THE Olympic Games are a momentous occasion that usually takes place once every four years and is oftentimes defined as the pinnacle of any athlete’s career. An event where thousands of athletes from around the world, including our very own Trinbagonian athletes, compete in over 30 different sports for the prized gold medal and to be crowned champions.
The Olympics has a way of generating a buzz of excitement and pride for country, uniting communities, and societies globally. Whether you are an avid sports fan or simply enjoy the excitement that comes with the quadrennial Games there is an event for just about everyone.
At 7 am this morning many of us may have excitedly turned on our televisions to tune in to the opening ceremony of the 2020 Summer Olympics, ready to applaud our 33-athlete strong contingent. While much of the pomp and circumstance may ring familiar these Games are certainly like no other, we the spectators and the competitors, have seen before.
With no family, friends or fans in the stands to limited social interaction and daily covid-19 testing the postponed 2020 Summer Olympics has morphed into somewhat of a fragmentary version of the competition we know and love. So, what does it take to prepare an athlete for such an event?
Speaking in more general terms of course and not specific to any one sport, the decision to pursue elite athleticism and to become an Olympian is certainly not one that is to be taken lightly. We may often hear parents, coaches and young aspiring athletes suggest that the dream is to become an elite performer, but what is sometimes overlooked is the required mental and physical demand, commitment, discipline, resilience, focus and sheer sacrifice to place that pursuit above all else in one’s life.
The four-year-long cycle preparing for any one Olympic Games, including that of qualification, can be gruelling and certainly takes a mental and physical toll on the athlete. The process to Olympic qualification for every sport is different, some athletes may be given multiple opportunities to qualify well in advance of the Olympics while others may qualify mere months or even one chance weeks before.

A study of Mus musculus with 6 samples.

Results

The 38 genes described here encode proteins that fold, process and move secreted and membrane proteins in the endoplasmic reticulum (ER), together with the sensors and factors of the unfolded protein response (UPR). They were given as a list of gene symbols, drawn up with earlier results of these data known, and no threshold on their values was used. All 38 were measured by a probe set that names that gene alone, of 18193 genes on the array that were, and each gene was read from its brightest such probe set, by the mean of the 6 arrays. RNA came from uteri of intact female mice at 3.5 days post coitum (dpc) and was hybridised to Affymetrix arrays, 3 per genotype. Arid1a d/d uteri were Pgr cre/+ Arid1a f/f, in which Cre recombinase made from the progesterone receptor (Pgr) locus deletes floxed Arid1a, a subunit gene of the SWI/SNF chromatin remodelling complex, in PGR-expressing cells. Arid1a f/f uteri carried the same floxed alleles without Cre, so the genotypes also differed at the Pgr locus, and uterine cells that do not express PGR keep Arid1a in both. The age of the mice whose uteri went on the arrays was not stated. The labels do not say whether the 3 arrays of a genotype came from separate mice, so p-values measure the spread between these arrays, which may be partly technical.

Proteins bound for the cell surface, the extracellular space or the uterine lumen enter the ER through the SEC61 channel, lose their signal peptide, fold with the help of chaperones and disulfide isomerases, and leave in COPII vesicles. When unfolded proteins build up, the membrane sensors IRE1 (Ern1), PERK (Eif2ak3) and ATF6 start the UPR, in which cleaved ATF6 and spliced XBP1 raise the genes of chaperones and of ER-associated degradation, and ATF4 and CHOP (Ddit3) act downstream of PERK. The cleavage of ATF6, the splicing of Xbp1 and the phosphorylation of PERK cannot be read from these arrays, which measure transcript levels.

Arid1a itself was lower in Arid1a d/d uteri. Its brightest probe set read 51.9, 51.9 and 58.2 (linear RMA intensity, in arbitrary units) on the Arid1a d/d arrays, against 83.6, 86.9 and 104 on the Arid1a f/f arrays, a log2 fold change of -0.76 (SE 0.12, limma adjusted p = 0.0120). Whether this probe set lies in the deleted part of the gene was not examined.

I have been privileged enough to work alongside and provide psychological support not only to athletes for The Olympic Games but also to officials and have gained much knowledge of the journey some of our Trinbagonian and wider Caribbean athletes must take. From working full-time jobs and incorporating their training alongside that, traversing the length and breadth of the country to ensure they attend their respective training sessions, working with limited equipment or within a limiting environment, to battling personal adversity and challenging family backgrounds.
Not only are we rich in raw talent but our athletes have a unique and often self-taught level of resilience and determination ingrained in them due to many of the obstacles they face before they are even required to perform. If we then look to some of the obstacles they may encounter throughout their 4-year-long preparation we might find recurring and/or long-term injury, arduous rehabilitation processes, burnout, fatigue, poor performances, fear of failure, low confidence, anxiety, lack of funding and the list goes on…
The crucial pillars, therefore, that may lend to the success of these athletes (and it should be noted these should be present for the entirety of the process) are:
- Effective physical and technical training including things such as (but not limited to) nutrition support, sport performance testing, strength and conditioning etc
- Sport/performance psychology
- Social support.
But we are aware that all Olympians are not made equal. So, over the next few weeks of competition when you are cheering on team TTO, be it in athletics, judo, swimming, rowing, cycling, boxing or sailing, be reminded that the greatness does not just come from the medal, but it comes from the ability of our very own homegrown athletes to be able to compete for the medal in the first place. They are already Olympians.